How many people are you hosting for the seder this year? The guest list can easily exceed a dozen or two, especially if family join you from other cities, and catering to a large crowd, especially a crowd with dietary needs, can take some planning. If you’re a guest at someone’s table this year and they don’t know about your shock-inducing allergy, mention it to them ahead of time.
People don’t choose food allergies. Many will choose to ignore them and deal with the consequence, but if your body reacts to something, don’t try and avoid it and “have a little on Shabbat.” A reaction to food means your body is having a hard time dealing with it, so respect the signs and cut it out of our diet. Completely.
I know, it’s awkward being the guest who accepts an invitation by appending “I hope it’s ok, but I can’t eat any gluten,” but that moment of discomfort is exaggerated ten times when your host notices that you pass on every single dish that comes to the table.
When we have dinner guests with food allergies or preferences, I like to embrace the challenge and cook to their diet. Gluten free, dairy free or meat free doesn’t mean flavor free, nor does it mean you have to cook a second meal. When you’re planning your next large gathering, perhaps your seder menu, don’t be afraid of an allergen or two.
This becomes a little more challenging at pesach time when the pantry can feel bare, but it’s not too hard to come up with a menu fit for a carnivore, vegetarian, vegan and a celiac, and if you read my philosophy for a healthier pesach last month you are already half way there.
Let’s start with the appetizer.
Chicken soup with kneidelach (matzoh balls) is a pesach classic but just one of our four special diets would be accommodated. Cook the matzoh balls in a second pot and the soup remains gluten free. To do this, heat some boiling water and add two tablespoons of cooked chicken soup for flavor, then boil the matzoh balls as you normally would. Remove them from the water and re-heat with your food on a hot plate or in the oven. If you want one soup for all, matzoh balls are delicious in sweet potato soup too.
An alternative appetizer, if you must serve chicken soup, would be a beet and orange salad. Dice two or three cooked beets and one orange. Slice a red onion and keep it seasonal by grating a touch of horseradish into the salad. Drizzle a touch of balsamic vinegar and serve to everyone skipping the chicken soup! Pickled beets and turnips also make for a beautiful appetizer that you can make ahead of time.
When it comes to the main course, keep all your side dishes vegan and gluten free. I am confident your carnivore and vegetarian guests won’t miss a thing.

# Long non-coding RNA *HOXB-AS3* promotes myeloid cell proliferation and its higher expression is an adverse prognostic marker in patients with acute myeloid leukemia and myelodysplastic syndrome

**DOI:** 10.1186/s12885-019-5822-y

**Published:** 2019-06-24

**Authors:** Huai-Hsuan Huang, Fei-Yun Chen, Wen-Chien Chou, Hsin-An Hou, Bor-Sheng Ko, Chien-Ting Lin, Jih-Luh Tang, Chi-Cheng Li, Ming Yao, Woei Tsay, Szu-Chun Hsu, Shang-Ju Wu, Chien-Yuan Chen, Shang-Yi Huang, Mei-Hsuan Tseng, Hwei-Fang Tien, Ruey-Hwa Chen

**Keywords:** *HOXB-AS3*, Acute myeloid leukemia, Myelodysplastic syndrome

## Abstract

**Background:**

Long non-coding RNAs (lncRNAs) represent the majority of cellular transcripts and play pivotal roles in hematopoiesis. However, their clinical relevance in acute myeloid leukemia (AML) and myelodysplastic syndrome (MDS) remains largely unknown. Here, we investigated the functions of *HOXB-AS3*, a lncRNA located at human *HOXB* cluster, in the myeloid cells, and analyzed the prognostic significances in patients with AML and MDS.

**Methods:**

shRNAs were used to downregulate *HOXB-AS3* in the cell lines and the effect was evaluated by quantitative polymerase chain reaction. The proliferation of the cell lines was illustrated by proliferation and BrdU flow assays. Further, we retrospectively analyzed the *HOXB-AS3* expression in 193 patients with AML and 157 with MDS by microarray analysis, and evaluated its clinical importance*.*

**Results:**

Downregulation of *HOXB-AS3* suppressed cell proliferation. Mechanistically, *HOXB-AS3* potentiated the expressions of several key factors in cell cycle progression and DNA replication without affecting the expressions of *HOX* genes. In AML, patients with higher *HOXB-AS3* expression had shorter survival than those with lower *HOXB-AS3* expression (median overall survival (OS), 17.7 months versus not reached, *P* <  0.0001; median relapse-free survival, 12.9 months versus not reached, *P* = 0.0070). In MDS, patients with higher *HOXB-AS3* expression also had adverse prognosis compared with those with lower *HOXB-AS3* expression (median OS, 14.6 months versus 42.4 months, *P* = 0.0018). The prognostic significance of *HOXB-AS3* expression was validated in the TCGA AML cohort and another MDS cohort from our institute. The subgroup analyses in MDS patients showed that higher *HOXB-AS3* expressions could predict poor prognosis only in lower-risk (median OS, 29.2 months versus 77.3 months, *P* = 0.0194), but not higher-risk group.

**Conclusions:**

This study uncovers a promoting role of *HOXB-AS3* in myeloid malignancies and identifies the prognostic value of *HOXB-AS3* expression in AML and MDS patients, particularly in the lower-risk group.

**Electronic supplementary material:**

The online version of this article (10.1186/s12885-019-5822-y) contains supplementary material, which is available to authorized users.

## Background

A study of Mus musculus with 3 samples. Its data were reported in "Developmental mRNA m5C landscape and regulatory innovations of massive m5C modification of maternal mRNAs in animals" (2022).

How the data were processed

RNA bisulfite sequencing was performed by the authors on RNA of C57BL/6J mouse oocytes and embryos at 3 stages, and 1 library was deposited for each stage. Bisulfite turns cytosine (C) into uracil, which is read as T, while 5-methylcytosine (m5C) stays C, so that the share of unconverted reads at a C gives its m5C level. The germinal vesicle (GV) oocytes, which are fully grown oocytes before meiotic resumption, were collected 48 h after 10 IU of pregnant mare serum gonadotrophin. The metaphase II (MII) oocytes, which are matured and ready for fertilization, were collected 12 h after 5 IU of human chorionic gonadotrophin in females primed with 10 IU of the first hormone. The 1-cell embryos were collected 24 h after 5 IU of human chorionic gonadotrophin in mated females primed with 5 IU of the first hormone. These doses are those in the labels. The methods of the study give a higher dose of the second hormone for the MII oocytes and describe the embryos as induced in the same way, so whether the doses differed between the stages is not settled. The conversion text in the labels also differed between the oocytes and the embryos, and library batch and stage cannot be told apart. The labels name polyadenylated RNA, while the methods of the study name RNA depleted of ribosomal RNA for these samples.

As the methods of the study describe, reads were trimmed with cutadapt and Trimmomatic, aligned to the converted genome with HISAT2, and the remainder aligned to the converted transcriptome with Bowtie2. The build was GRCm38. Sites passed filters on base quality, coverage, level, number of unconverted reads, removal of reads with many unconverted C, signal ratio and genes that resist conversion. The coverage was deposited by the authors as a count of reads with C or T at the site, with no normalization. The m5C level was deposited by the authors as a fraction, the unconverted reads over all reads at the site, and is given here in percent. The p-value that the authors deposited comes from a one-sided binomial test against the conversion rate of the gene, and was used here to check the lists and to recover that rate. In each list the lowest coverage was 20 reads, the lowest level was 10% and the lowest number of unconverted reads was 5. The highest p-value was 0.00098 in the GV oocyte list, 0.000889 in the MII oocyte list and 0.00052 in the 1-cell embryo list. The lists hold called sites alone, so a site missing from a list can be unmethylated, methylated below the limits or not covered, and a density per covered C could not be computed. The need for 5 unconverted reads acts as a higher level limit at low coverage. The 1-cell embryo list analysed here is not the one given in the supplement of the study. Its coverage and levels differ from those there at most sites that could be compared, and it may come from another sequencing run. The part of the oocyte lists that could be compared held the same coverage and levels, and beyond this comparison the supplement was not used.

Chicken is safe for our carnivore and our celiac so keep it simple and use my new favorite method of roasting a bird. Sprinkle garlic powder, paprika and thyme over your chicken, pre-heat the oven to 500°F (260°C) and roast the chicken for 30 minutes. Then turn the heat down to 425°F (220°C) for another 30 minutes to finish cooking. You’ll get a beautiful crispy skin on the outside that will be loved by carnivores and celiacs alike!
I always use a meat thermometer when cooking chicken or meat. If you don’t own one, I would strongly recommend adding one to your pesach grocery list.
For your vegetarian and vegan diners, stuff portobello mushrooms with a mixture of sauteed leeks, sweet potatoes and a touch of garlic.
Side dishes are simple. Roast a medley of sweet potatoes, beets and parsnips. For another, roasted potatoes with sprigs of fresh rosemary and whole heads of roasted garlic. For something a little different, check out my felafal flavored quinoa patties, but be sure to substitute the breadcrumbs with matzoh meal if you are making it for pesach. Roasting butternut in coconut oil brings a subtle secondary flavor to this vegetable too.
Finally, an Israeli salad of cucumber, tomato and peppers with a squeeze of juice from a fresh lemon and a drizzle of olive oil.
Avoid the pre-mixed cakes or dry cookies and dip some fruit in chocolate for everyone round the table. Chocolate dipped fruit can also give a healthier edge to dessert.
In our home, we put a veggie platter on the table when the seder reaches karpas so that people don’t have to starve their way through the hagaddah. It’s definitely appreciated by the people who don’t like to eat too late. Unless you want a lot of leftovers to carry you through the week, it’s acceptable to keep the meal light and enjoyable so that people aren’t miserable and bloated by the time the night is over.